Red Blood Cell Transfusion in the ICU: A Systematic Review

Monday, 30 October 2017: 3:05 PM

Douglas H. Sutton, EdD, MSN, MPA, APRN, ANP-C, ACNS-BC
School of Nursing, Northern Arizona University, Flagstaff, AZ, USA
Deborah A. Raines, PhD, EdS, RN, ANEF
School of Nursing, University at Buffalo: SUNY, Buffalo, NY, USA

Anemia is one of the most common abnormal laboratory findings in the population of critically ill patients. Approximately 95% of patients in the ICU for three days or more become anemic, and approximately 50% of these patients receive an average of five units of PRBCs while in the ICU. 1,2 Many of these transfusions are given to treat a low hemoglobin finding and not active bleeding. In the past, anemia was thought to lead to increased morbidity and mortality in the critically ill patient and transfusion with packed red blood cells (PRBCs) was often implemented to maintain a pre-illness blood value to decrease morbidity and mortality. However, whether the increased morbidity and mortality seen in the ICU population is related to the anemic state or a more severe disease process is not clearly explicated.3 Traditionally, the goal of administering PRBCs to the critically ill patient was to increase hemoglobin levels, to improve the blood's oxygen carrying capacity and to oxygenate hypoxic tissue. However, an emerging body of evidence is demonstrating that this clinical benefit is often not achieved. This presentation will share findings from a systematic review of the evidence to answer the question; "In the critically ill patient, who is not actively bleeding, is the transfusion of a single unit of PRBCs of clinical benefit or clinically harmful?"

Using the methodological standards recommended by the PRISMA Statement, an electronic search followed by a manual search and screen was completed. The electronic databases used for this review included PubMed, CINHAL, Cochrane, MedLine, Scopus, BMJ Clinical Evidence, and Web of Science. The search strategy was constrained to empirical studies on critically ill patients of any age in hospital settings and receiving at least a single PRBC transfusion. Studies published between 2008 and 2016 were included. A total of 372 studies were retrieved. The screening process eliminated duplicate articles (N=6) and articles with irrelevant outcomes (N=353). Criteria for irrelevant outcomes included transfusion in a situation with active bleeding, non-critically ill population, or use of volume replacement other than red blood cell transfusion. Thirteen studies remained for further review. One article (N=1) was excluded because the outcome was not considered eligible for inclusion, two articles (N=2) were found to be duplicated. The remaining ten studies were selected for inclusion in this review.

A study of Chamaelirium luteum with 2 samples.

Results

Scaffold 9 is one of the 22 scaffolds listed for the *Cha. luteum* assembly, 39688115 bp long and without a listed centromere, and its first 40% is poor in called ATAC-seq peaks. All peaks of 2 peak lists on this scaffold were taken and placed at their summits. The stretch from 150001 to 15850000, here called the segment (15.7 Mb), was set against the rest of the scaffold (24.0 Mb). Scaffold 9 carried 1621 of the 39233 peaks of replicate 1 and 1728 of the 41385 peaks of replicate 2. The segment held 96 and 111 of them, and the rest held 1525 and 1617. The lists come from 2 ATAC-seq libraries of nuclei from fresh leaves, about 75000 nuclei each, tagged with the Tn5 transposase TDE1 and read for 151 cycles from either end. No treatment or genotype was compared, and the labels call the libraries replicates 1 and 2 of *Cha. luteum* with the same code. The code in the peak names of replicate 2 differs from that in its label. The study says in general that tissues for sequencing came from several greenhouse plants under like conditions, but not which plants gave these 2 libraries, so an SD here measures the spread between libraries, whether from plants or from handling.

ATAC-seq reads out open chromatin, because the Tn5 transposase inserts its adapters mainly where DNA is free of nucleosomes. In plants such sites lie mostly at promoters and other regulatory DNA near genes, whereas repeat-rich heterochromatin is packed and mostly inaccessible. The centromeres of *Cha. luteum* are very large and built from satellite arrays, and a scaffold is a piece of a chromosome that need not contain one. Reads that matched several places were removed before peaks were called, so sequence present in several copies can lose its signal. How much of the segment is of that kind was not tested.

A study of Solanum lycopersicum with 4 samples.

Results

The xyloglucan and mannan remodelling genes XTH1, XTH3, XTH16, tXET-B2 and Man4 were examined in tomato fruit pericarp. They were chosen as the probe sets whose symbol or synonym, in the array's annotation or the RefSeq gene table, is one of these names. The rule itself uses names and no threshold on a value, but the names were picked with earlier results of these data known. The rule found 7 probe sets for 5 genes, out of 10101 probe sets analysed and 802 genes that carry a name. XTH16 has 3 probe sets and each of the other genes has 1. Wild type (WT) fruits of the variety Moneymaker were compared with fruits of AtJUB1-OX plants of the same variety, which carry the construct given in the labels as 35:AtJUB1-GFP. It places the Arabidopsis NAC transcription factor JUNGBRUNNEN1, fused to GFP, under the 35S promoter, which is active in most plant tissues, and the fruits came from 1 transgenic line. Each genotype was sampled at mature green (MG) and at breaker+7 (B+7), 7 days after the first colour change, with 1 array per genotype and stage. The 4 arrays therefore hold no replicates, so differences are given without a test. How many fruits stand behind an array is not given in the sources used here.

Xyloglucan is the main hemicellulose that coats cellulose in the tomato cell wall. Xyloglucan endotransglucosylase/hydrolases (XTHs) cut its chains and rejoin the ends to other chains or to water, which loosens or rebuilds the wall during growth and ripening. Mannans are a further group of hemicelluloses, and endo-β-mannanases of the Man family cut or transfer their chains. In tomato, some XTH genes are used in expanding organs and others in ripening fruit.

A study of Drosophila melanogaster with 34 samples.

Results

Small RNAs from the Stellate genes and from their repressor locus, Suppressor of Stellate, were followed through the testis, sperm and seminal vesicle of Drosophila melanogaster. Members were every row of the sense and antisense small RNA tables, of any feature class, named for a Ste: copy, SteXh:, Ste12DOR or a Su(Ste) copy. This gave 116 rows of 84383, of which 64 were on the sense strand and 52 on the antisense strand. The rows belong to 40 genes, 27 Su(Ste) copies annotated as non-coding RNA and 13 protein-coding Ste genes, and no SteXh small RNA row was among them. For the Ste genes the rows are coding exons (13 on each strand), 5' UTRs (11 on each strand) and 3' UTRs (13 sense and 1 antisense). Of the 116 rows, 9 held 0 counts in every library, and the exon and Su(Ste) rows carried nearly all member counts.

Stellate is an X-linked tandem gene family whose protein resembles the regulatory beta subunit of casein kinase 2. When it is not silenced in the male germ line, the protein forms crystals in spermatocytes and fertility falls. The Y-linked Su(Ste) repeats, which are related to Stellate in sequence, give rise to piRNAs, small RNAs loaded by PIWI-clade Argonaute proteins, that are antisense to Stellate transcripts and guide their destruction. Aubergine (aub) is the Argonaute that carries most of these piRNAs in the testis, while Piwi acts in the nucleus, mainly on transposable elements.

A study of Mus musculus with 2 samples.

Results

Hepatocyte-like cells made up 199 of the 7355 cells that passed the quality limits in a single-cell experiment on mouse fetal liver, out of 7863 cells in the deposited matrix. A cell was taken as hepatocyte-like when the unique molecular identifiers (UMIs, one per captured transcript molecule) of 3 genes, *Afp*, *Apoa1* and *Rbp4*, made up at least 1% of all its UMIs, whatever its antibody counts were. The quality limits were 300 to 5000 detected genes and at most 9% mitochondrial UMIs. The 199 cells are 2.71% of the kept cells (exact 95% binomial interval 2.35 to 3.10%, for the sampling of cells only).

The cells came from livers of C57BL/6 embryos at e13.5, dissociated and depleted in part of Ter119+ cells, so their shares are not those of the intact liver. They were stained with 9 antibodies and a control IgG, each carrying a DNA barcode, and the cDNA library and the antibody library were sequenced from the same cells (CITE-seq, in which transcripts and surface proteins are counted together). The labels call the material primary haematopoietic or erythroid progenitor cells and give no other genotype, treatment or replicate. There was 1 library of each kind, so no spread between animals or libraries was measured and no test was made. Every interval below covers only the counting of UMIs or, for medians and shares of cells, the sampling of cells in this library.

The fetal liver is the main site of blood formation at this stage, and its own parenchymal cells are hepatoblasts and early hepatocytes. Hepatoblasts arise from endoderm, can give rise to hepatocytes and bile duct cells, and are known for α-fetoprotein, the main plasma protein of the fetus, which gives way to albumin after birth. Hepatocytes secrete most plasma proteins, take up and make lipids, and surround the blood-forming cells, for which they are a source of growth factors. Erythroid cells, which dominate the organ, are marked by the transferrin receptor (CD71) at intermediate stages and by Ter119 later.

The studies examined the effects of transfusing one unit of PRBCs in the critically ill patient. The majority of study designs included in this systematic review of the literature were either retrospective or prospective, and only one was a randomized-controlled trial. A common finding among all studies was that transfusion of a single unit of PRBCs in the critically ill patient increases risk and may lead to higher morbidity and mortality. The studies relied upon biophysical data to ascertain risk associated with PRBC transfusion. Based on these findings, it appears that all included studies identified some risk associated with the transfusion of a single unit of PRBCs in the critically ill patient. Following careful analysis of the patient outcomes from each of the included studies, the following four primary clinical findings categories were formulated.

  • No increased risk in single versus double transfused PRBCs
  • Risk increases as the number of transfused PRBCs increases
  • Immune changes occur due to transfusion of PRBCs
  • Patient survival following a transfusion of PRBCs is not increased

The evidence demonstrates the occurrence of health risks associated with receiving a PRBC transfusion in the critically ill population. The findings reveal that in some at-risk patients, even a single unit of PRBCs may result in acute respiratory distress syndrome, acute renal injury, cardiogenic shock, infection, and higher mortality and morbidity rates when compared to other ICU patient populations. The implications of this evidence for patient care guidelines and the education of healthcare providers will be outlined. Additionally, this review demonstrates the need to conduct further more rigorous research studies of this common therapeutic intervention in the critically ill population to ascertain relative risk and benefit.


  1. Marik PE, Corwin HL. Efficacy of red blood cell transfusion in the critically ill: A systematic review of the literature. Crit Care Med 2008 Vol. 36, No 9. 2667-2674. doi:10.1097/CCM.0b013e3181844677.
  2. Kamran MA, Puri N, and Gerber DR, “Anemia and Blood Transfusions in Critically Ill Patients,” Journal of Blood Transfusion, vol. 2012, Article ID 629204, 7 pages, 2012. doi:10.1155/2012/629204.
  3. Patel MS, Carson JL. Anemia in the Preoperative Patient. The Medical Clinics of North America. 2009;93(5). 1095-1104. doi: 10.1016/mcna2009.05.007.